Diversity

| Sep 19, 2016

In my view, diversity in people makes life more interesting and opens our eyes to all sorts of knowledge and awareness which otherwise we may never have the chance to experience.

Unfortunately, for almost all minorities, maybe especially T people, the vast majority of people we come into contact with don’t seem to hold the same views. Conservative, outdated views are still being promulgated, still being espoused as the norm — and, as usual, it’s the minorities who suffer and are prejudiced against.

I challenge anyone to state convincingly that the world has not changed, changed dramatically and irreversibly in the last 15-20 years with instant, global communications, social media and the like now to the fore — and very much part of almost everyone’s lives. In terms of knowledge acquisition and awareness and the ability to express themselves, the younger generation, in many ways, have never had it so good.

Yet there are still people who want to stifle creativity and diversity. There are still people in most countries, and who really should know better, who make judgements based on what type of clothes others should wear or on another person’s sexual preferences or choices in a life-partner.

The bottom line is that, provided we stay within the confines of equitable laws, then really it is no-one else’s business how we live or run our lives. Having said this, I can understand to an extent that the general public do get confused by the various labels and designations which seem to be applied to those in our T community. Indeed, even some of us within our community get confused by the diversity and variations we come across and, in some cases, the people concerned are not possible to label or accurately describe.

In fact, sometimes I feel that the diversity of our community really does put a rainbow to shame. I know it’s a cliché about rainbows and the T community at large but the edges of the colors of some of the people I have met in recent times blur so much, no wonder we sometimes need some new labels or definitions to describe the varieties!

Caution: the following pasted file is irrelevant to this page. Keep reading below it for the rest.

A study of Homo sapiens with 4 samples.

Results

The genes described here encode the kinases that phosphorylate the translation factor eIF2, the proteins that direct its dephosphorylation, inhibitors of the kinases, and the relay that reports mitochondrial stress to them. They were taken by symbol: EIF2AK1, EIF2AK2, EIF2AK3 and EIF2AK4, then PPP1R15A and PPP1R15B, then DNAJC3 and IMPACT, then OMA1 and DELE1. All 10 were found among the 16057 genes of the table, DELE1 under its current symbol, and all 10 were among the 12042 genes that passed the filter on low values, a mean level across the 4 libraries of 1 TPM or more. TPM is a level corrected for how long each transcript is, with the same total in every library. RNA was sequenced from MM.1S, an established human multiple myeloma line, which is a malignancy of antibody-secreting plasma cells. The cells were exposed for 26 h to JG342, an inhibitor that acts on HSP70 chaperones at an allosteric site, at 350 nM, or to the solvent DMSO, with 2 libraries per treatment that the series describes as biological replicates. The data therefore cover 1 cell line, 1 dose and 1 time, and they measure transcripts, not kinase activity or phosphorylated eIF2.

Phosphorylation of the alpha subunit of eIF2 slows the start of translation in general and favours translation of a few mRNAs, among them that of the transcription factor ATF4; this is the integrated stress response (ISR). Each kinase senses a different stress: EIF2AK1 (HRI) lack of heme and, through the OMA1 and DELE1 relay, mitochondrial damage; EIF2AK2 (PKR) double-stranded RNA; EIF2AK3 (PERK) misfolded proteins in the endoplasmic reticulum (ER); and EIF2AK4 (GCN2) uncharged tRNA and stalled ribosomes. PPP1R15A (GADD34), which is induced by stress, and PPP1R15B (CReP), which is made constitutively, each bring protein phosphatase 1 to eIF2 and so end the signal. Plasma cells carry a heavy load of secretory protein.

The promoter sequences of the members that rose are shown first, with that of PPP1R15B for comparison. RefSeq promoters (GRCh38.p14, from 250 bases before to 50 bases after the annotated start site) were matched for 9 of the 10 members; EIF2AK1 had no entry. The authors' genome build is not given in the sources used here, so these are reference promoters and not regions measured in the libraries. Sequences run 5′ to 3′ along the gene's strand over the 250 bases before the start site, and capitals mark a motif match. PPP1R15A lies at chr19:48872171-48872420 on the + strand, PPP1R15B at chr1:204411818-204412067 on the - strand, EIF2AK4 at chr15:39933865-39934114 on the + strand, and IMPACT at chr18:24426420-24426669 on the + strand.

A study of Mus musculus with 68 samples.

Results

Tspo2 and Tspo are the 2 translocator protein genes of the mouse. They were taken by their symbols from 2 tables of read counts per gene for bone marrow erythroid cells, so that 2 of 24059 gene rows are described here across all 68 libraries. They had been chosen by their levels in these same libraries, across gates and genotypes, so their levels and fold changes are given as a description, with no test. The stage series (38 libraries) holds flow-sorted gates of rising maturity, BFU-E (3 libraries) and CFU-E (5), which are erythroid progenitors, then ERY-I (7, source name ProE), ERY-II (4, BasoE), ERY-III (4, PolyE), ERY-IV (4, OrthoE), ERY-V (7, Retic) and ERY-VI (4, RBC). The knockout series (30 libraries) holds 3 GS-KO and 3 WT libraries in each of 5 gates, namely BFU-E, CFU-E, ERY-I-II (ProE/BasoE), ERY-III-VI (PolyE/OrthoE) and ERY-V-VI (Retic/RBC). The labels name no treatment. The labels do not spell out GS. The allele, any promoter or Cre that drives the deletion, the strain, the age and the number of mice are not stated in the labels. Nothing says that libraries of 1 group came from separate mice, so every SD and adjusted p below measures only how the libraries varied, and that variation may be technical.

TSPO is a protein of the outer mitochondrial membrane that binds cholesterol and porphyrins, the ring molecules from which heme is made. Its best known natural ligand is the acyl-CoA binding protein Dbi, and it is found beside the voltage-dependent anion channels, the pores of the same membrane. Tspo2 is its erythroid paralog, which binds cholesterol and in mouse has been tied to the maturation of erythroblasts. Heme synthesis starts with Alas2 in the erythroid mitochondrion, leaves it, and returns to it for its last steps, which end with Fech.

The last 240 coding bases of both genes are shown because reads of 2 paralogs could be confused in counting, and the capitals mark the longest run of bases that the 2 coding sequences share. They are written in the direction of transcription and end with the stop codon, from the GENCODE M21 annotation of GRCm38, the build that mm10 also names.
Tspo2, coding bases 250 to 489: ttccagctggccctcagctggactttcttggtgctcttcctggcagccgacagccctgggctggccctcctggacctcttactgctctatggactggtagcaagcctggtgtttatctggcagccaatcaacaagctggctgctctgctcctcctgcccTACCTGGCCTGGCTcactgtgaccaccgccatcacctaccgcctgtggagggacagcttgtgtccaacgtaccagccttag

Over the last few months in Thailand I have come across a very interesting selection of people from within our community. Some of them include the following:

  • an Australian lady who calls herself a lesbian TV and who transitioned to female more than five years ago; she is rampant in the Thai lesbian community, picking up and dropping girlfriends and lovers like butterflies;
  • an Italian crossdresser who makes little effort to pass and who has been married twice to genetic women — and is now in a live-in relationship with a pre-op Thai ladyboy (she gave me a memorable quote: “got the best of both worlds: no chance of her getting pregnant and no troubles with the time of the month that genetic  women have”);
  • an American who came to Thailand to have gender re-assignment but only got half way (i.e. has had breast implants but no other surgery) and who is actively seeking a man for a long term relationship, yet swears she isn’t gay… terming herself a chick with a xxxx

I can go on and on, but I think you get the general gist — so much obvious diversity that it almost hurts!

Yet, when I take some time to sit down and reflect on my recent meetings, I can but hope that some sort of awakening occurs in society at large and that more and more other people somehow, magically, become more understanding and tolerant of us who inhabit our wonderful rainbow world.


Christine B

About the Author ()

Christine has written numerous (at least 150) articles, columns, op-eds, features & stories for well known T magazines, websites & e-zines; she also works as a part time fiction editor for Club Lighthouse Publishing, and is a co-editor of an award winning T-girl Magazine. In addition, she has written 8 adult books mainly in the T sub-genre which have been published by Club Lighthouse Publishing, for whom she has been the best selling author for the last 5 years.